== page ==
Initial Culture Shock (First Impression)
Africa is a pretty cool place. The atmosphere is amazing and everyone is really nice. Even if they have ulterior motives. I am also really amazed by the beautiful foliage and the number of critters we have already been exposed to.
While we were at Prime, Kirsten and I had the opportunity to observe a Form 3 mathematics class period. This was a strange experience because I was expecting the class to be completely different. However, based on what we saw, the class was not all that different from one you would see in the U.S. The teacher was actually employing some student centered learning techniques, and the students were working together to solve problems. We were told to not expect these things.
One of the things we were told to expect, and actually did see during the mathematics course, was corporal punishment. It wasn’t with the teacher or students we were observing, but through the open door we could see it. Two boys were on their knees with their hands above their head. I saw some movement and glanced over just to see them getting hit with a stick. The worst part was that some of the students in the class that I was observing were laughing at the students getting hit.
Later in the day, one of the teachers came into the staff room with the stick and asked if we were intimidated by him. He then proceeded to say the he understands that this is not the way we do things in America and that it is something very different for us to see, but that this was the ONLY way to get the students to behave. I was a little shocked.
After the students had a break during their day, we had the opportunity to observe a Form 2 Physics course. It was also interesting to see the student dynamic here. There were some trouble makers who were interesting to watch. One of the girls showed me some of the drawings she had done because I said I was an artist. She also asked me for my address in America so that she could write me letters and we could talk. I may do this, but I think it may be easier to try and connect with them over Facebook. It seems as though they all have one.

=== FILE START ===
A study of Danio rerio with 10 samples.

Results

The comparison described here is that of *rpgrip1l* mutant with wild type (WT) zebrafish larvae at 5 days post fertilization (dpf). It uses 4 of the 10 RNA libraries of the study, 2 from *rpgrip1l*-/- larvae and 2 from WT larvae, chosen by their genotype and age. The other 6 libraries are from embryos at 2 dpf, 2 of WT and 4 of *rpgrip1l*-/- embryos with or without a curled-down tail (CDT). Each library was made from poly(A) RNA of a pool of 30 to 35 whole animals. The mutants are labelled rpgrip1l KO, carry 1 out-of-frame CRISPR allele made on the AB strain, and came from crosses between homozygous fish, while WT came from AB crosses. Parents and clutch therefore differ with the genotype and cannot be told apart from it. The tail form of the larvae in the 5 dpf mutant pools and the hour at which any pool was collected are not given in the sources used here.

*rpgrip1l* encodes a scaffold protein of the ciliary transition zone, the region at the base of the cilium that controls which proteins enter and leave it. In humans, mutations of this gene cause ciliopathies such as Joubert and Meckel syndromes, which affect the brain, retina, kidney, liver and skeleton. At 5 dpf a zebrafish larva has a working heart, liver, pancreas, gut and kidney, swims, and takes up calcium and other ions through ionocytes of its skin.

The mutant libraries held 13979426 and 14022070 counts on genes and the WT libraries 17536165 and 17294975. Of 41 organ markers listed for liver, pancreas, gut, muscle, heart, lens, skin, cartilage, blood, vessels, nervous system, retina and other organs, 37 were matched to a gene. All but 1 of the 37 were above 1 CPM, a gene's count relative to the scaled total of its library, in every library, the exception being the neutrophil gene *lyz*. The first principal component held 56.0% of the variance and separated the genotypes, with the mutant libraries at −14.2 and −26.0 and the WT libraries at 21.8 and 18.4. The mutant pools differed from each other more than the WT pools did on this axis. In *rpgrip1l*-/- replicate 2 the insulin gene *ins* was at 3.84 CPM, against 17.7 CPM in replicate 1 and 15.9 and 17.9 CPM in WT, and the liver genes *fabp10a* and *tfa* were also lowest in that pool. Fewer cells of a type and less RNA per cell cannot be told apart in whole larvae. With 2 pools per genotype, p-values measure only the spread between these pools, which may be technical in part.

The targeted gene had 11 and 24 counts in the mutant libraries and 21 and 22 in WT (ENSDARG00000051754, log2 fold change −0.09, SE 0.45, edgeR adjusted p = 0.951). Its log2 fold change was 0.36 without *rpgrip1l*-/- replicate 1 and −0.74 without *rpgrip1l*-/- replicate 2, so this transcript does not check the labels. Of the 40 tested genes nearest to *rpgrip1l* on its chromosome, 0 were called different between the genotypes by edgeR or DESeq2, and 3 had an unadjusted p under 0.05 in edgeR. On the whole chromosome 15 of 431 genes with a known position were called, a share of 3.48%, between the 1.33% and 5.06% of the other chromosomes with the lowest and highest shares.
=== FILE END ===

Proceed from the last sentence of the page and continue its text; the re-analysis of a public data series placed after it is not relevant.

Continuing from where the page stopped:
In general, the school seems to be very nice. The students are pretty pleasant and the teachers are very nice. One of them even invited us to visit her home. On the flip side, I am quite a bit nervous. Especially because we still have no clue what classes we will be teaching and what our schedule will be like. We just have to learn how to go with the flow a little bit more and just deal with things.
Walking around on the streets of Arusha was CRAZY. I had no clue where we were going, or how to get back. We had really fantastic guides, though. They were helping us learn our Swahili and were also like bodyguards. But they didn’t stop the vendors from coming down on us. We had a huge group of guys who followed us everywhere. They were talking to us about Tanzania and Swahili the whole time. However, we could tell that they had ulterior motives. Each and every one of them wanted to sell us something.
Some of the girls ended up buying things from them because they felt guilty. These men would say things about how they spent their whole day walking with us and being our friends and teaching us. It made me a little nervous. Some of the men even followed us back to the lodge when we were done for the day. I am hoping this is not going to be a problem later in our stay.
It was also crazy to have the other people bombard us with products. They were everywhere and we stick out worse than a sore thumb. It was also really strange to see that certain people in our group were targeted by these men. Men would just walk up to them and ask them over and over if they wanted to buy their product. These men were very persistent. It was hard to find a good balance between being polite and saying get away from me.